The term sciatica is commonly used to describe pain traveling in the distribution of the sciatic nerve, so it’s more accurate to say that it’s a symptom of a spinal disorder not a spinal disorder itself. Common symptoms of sciatica include:

  • Sciatica usually affects one side of the body.
  • Pain from sciatic nerve compression may feel dull, sharp, burning, or accompanied by intermittent shocks of shooting pain beginning in the buttock and traveling downward into the back and/or side of the thigh and/or leg.
  • Sciatica extends below the knee and may be felt in the feet.
  • Sometimes symptoms of sciatic nerve compression include tingling and numbness.
  • Sitting and trying to stand up may be painful and difficult.
  • Coughing and sneezing can intensify the pain.

Where is the Sciatic Nerve?
Sciatic nerve fibers begin at the 4th and 5th lumbar vertebra (L4, L5) and the first few segments of the sacrum. The nerve passes through the sciatic foramen (a nerve passageway) just below the piriformis muscle (rotates the thigh laterally), to the back of the extension of the hip and to the lower part of the gluteus maximus (muscle in the buttock, helps with thigh extension).

The sciatic nerve then runs vertically downward into the back of the thigh, behind the knee and branches into the hamstring muscles (calf) and further downward to the feet.

Nerve Compression Can Cause Sciatica
Compression of the sciatic nerve can cause any of the above-cited symptoms. Rarely is nerve damage permanent, and paralysis is seldom a danger since the spinal cord ends before the first lumbar vertebra.

  • When to seek emergency medical care: Increasing trunk or leg weakness or bladder and/or bowel incontinence is an indication of cauda equina syndrome, a serious disorder requiring emergency treatment. If you are experiencing those symptoms right now, please seek immediate medical treatment.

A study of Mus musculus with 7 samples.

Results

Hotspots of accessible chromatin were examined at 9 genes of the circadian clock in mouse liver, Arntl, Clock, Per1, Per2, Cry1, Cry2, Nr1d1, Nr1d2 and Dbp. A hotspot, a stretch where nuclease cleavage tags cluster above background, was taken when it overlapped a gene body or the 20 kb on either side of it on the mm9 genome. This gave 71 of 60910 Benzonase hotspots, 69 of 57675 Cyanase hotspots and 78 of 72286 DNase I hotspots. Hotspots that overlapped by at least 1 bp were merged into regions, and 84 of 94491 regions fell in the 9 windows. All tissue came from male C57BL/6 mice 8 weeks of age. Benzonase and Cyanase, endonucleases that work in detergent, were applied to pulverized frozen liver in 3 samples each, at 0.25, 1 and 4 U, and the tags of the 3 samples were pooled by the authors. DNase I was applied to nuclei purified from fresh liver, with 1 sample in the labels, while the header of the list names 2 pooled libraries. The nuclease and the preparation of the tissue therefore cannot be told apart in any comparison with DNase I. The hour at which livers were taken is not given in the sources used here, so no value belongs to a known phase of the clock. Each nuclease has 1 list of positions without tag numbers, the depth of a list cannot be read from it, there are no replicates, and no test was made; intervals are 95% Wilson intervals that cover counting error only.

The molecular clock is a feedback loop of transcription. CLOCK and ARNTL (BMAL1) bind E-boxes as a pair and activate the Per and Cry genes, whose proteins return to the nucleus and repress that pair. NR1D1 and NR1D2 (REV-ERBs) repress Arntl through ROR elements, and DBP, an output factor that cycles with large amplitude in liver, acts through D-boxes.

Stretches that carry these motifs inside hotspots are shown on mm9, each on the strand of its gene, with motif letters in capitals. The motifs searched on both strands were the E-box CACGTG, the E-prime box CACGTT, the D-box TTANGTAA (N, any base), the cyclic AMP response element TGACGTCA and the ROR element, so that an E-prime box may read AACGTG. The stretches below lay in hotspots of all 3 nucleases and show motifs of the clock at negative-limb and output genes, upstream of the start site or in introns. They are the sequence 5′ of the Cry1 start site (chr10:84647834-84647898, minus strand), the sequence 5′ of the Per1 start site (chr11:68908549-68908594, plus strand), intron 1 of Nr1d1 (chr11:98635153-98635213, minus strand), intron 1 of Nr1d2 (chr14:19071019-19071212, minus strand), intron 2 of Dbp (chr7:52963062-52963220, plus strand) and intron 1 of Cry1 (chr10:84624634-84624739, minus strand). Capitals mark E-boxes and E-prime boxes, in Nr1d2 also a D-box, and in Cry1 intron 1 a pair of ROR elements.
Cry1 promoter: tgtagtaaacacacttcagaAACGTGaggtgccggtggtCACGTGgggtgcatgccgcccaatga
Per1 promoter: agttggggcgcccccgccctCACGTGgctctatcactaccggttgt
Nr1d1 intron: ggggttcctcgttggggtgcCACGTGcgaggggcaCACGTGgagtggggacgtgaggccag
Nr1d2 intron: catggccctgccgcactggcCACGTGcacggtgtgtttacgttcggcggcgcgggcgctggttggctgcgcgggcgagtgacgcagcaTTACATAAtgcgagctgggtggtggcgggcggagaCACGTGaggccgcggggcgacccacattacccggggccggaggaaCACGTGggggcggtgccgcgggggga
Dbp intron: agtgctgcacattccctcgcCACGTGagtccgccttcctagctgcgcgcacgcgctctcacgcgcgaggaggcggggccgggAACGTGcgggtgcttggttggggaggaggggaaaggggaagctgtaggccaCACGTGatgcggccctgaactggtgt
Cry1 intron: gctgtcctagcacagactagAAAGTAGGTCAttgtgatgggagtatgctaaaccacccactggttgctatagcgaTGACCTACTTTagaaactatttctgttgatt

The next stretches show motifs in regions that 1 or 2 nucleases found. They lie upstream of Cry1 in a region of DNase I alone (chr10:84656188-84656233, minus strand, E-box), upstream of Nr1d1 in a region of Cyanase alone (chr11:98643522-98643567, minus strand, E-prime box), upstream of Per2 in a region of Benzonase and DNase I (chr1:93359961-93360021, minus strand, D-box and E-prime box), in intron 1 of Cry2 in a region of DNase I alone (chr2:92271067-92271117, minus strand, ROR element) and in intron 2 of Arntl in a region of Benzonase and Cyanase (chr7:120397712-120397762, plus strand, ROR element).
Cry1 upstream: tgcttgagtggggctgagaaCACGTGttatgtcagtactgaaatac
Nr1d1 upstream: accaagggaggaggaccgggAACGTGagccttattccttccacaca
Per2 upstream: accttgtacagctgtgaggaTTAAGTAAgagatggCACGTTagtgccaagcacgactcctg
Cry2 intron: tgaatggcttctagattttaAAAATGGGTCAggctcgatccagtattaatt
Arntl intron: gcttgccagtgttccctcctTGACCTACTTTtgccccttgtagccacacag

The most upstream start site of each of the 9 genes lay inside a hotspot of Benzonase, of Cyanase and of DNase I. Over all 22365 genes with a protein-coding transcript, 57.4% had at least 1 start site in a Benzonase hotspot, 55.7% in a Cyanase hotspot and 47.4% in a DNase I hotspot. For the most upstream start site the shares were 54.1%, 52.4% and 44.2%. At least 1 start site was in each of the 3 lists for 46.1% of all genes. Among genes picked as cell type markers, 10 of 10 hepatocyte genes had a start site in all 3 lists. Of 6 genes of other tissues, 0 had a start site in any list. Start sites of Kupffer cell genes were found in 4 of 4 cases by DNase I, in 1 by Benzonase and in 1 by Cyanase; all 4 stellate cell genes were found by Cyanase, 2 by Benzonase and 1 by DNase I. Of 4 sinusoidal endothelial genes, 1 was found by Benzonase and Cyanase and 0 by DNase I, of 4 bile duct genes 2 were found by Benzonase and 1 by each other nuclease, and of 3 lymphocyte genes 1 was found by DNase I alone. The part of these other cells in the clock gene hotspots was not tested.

Certain lumbar (low back) spinal disorders can cause or contribute to sciatica symptoms, and include:

  • Herniated discs are the most common cause of sciatica in the lumbar spine.
  • Degenerative disc disease, a natural biological process associated with aging, is known to cause disc weakness that can be a precursor to a disc herniation.
  • Lumbar spinal stenosis is a narrowing of one or more neural passageways due to disc degeneration and/or facet arthritis. The sciatic nerve may become impinged as a result of these changes.
  • Isthmic spondylolisthesis results from a stress fracture often at the 5th lumbar vertebra (L5). The fracture combined with disc space collapse may allow the vertebra to slip forward on the first sacral segment (S1). The slippage may cause the L5 nerve root to become pinched as it leaves the spine.
  • Spinal tumors and infections are other disorders that may compress the sciatic nerve, but this is rare.

How Your Doctor Diagnoses Sciatica
Your doctor’s evaluation of your pain and other symptoms includes discussing your medical history, recent accidents or injuries (eg, falls), and a review of your current medications (both over-the-counter and prescription). He will perform a physical evaluation using one or more movement tests to help determine the source or causes of your pain. During the neurological part of the examination, your reflexes and muscle strength are tested. If necessary, he will order imaging studies, such as an x-ray, CT scan, or potentially an MRI. The imaging tests may help confirm your diagnosis.

Your doctor may ask you several questions, such as:

  • “How did the pain develop?”
  • “On a scale from 1 to 10, with 10 being the worst pain imaginable, rate your pain.”
  • “Is the pain worsened by walking uphill or downhill?”
  • “How does the pain affect activities of daily living?”
  • “What type of treatment has been tried and what was effective?”